Written by Joel Aguerro, Winter 2010

Dreams manifest themselves in a number of ways, ranging from the ridiculously improbable, to the realistically haunting, to near life and death situations — yet for centuries curious minds have wondered: why do we dream?

To answer this question, we must first answer another: what exactly is a dream? Dr. William C. Dement, the father of REM sleep and a professor of sleeping and dreaming at Stanford University, describes a dream as “a vivid, complex, hallucinatory experience generally accepted as real by the dreamer.”

Of course, an individual almost always recognizes the dream as a dream upon awakening, but during the dream itself the the dreamer is unaware that what he is experiencing is a fabricated reality. However, the word “generally” Dement uses in this sentence is key, for some individuals possess the ability (and indeed train themselves to develop the ability) to be conscious of their own dreams while they are happening, in a way so that they can actually control what happens in the dream. This is called lucid dreaming, and you can learn more about it here.

But to get back to the topic at hand, is there an evolutionary function to dreams? What causes dreams? And why do people dream?

Questions like these have been racking people’s minds for years. More recently, dreams have come under scientific study following research concerning the human body and sleep; however, scientists have yet to reach a consensus regarding concrete reasons for dreaming.

Instead, various theories have surfaced in the past century, all of which attempt to lay claim to the true purpose of dreaming. It’s important to emphasize that no single theory has ever been proven or generally accepted by the scientific community, giving way instead to a continually elusive definite purpose of dreaming.

Dreams as Illustrations of Our Unconscious Desires

The most popular theory was proposed by Sigmund Freud in The Interpretation of Dreams, in which he claims that dreams are manifestations of repressed desires.

Freud introduced the concepts of a dream’s manifest content — the images and events taking place in the dream — and a dream’s latent content — the psychological significance of the dream to the individual.

In many ways, Freud’s proposition led to the practice of dream interpretation and the creation of dream dictionaries, due to the belief that dreams contain hidden, deeply personal messages from our unconscious. Freud’s theory has neither been proven nor disproven, and many respected scientists, psychologists, and dream experts offer strong arguments against it.

Dreams as a Combination of Conscious and Unconscious Desires

Carl Gustav Jung originally worked with Freud, but did not believe that every dream required a hidden, unconscious motive. Rather, Jung focused on Freud’s concept of manifest content: the actual events of dreams.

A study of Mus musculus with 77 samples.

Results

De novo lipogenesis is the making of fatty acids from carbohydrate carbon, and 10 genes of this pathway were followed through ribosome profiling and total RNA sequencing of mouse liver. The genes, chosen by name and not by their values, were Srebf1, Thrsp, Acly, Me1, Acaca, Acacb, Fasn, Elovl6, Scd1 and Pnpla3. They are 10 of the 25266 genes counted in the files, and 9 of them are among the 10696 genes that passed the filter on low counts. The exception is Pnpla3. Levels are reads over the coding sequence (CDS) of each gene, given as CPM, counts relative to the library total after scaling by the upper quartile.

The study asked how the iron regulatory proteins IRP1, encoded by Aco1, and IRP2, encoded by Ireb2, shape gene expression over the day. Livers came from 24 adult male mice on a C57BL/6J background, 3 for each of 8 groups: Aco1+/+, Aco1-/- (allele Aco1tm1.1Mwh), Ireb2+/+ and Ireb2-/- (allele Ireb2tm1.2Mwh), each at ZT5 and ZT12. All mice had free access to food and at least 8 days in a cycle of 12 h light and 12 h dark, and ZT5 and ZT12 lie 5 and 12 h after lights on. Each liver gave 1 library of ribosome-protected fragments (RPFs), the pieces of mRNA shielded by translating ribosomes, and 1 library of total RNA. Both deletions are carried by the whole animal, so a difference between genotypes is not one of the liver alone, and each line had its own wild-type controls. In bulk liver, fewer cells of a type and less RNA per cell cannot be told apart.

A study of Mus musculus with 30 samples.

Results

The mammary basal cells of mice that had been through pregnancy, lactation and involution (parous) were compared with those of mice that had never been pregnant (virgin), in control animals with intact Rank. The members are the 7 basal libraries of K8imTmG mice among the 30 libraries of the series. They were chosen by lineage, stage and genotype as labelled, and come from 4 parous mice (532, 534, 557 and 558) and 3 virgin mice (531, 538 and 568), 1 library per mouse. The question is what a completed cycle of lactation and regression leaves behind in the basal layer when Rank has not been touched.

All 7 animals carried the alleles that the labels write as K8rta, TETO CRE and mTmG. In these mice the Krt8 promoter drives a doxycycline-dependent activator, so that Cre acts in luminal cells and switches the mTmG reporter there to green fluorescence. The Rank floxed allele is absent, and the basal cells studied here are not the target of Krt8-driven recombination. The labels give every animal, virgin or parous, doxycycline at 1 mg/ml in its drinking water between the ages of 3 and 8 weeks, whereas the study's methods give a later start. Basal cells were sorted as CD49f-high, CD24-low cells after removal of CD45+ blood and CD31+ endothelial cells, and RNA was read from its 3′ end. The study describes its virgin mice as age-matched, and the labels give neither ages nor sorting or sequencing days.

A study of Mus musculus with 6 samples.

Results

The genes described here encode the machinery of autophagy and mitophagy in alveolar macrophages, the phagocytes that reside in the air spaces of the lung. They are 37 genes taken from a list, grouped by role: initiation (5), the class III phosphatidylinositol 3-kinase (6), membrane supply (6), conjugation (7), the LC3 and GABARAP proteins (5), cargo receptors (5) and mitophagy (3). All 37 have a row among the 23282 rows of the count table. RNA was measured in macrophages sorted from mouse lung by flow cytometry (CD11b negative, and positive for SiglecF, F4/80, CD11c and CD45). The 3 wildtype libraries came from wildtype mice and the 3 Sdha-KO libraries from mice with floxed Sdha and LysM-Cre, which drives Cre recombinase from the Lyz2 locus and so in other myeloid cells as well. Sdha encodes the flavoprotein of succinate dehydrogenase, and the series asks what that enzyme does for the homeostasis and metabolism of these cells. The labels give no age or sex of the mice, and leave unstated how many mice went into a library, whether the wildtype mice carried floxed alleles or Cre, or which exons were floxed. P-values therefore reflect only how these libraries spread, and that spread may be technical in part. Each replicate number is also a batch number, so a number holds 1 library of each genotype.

Jungian theory states that dreams are the easiest access to the contents of the unconscious; analogous to a different language that merely needs to be deciphered using symbols rather than vocabulary. It considers dreams as a product of one’s personal unconscious and of what Jung referred to as a collective unconscious, which deals with society’s broader notions.

Dreams as Products of Neurons Randomly Firing

Harvard University psychiatrists James Allan Hobson and Robert McCarley published their theory of dreams in the American Journal of Psychiatry in 1977. They concluded that dreams are caused by randomly firing neurons within the brain; however, because the body enters a state of paralysis during REM sleep, the activity in the brain is synthesized as a dream in lieu of executing physical movement.

Hobson and McCarley’s theory claims that dreams are primarily sporadic and unpredictable, lacking any real significance. It largely contradicts the Freudian perspective on dreams and concludes that the only meaning dreams might have is found when thinking about them during wakefulness in the context of other aspects of the dreamer’s life.

External Stimuli and Dreams

Dr. William C. Dement found strong evidence concerning the relationship between external stimuli of a dreamer and the content of the dreams.

During one specific study, Dement dropped water droplets onto a sleeping patient approximately three minutes before they were awoken. After being asked about the content of her dream, the patient reported an elaborate dream that ended with her looking up at a sporadic rainfall from above.

The natural implication is that the content of the dream was influenced by the external stimuli, particularly because the water droplets were applied just before waking the patient. Dement, however, recognized that dreams were not the interpretation of external stimuli — but rather, that the content of dreams could be influenced by external factors, such as water, should they coincide with a REM period.

Other research by Stanford students in 1970 conclusively demonstrated the effects of particular stimuli on the content of dreams using common sounds like a locomotive horn, a barking dog, traffic noise, and a rooster crowing.

Other Theories and the Purpose of Dreams

Various other theories concerning the importance of dreams have surfaced over the course of history. Ranging from spiritual associations to a means of relieving stress, little conclusive research has been accomplished. Alternatively, scientists remain out of concurrence with regard to the true, verifiable reason behind dreaming.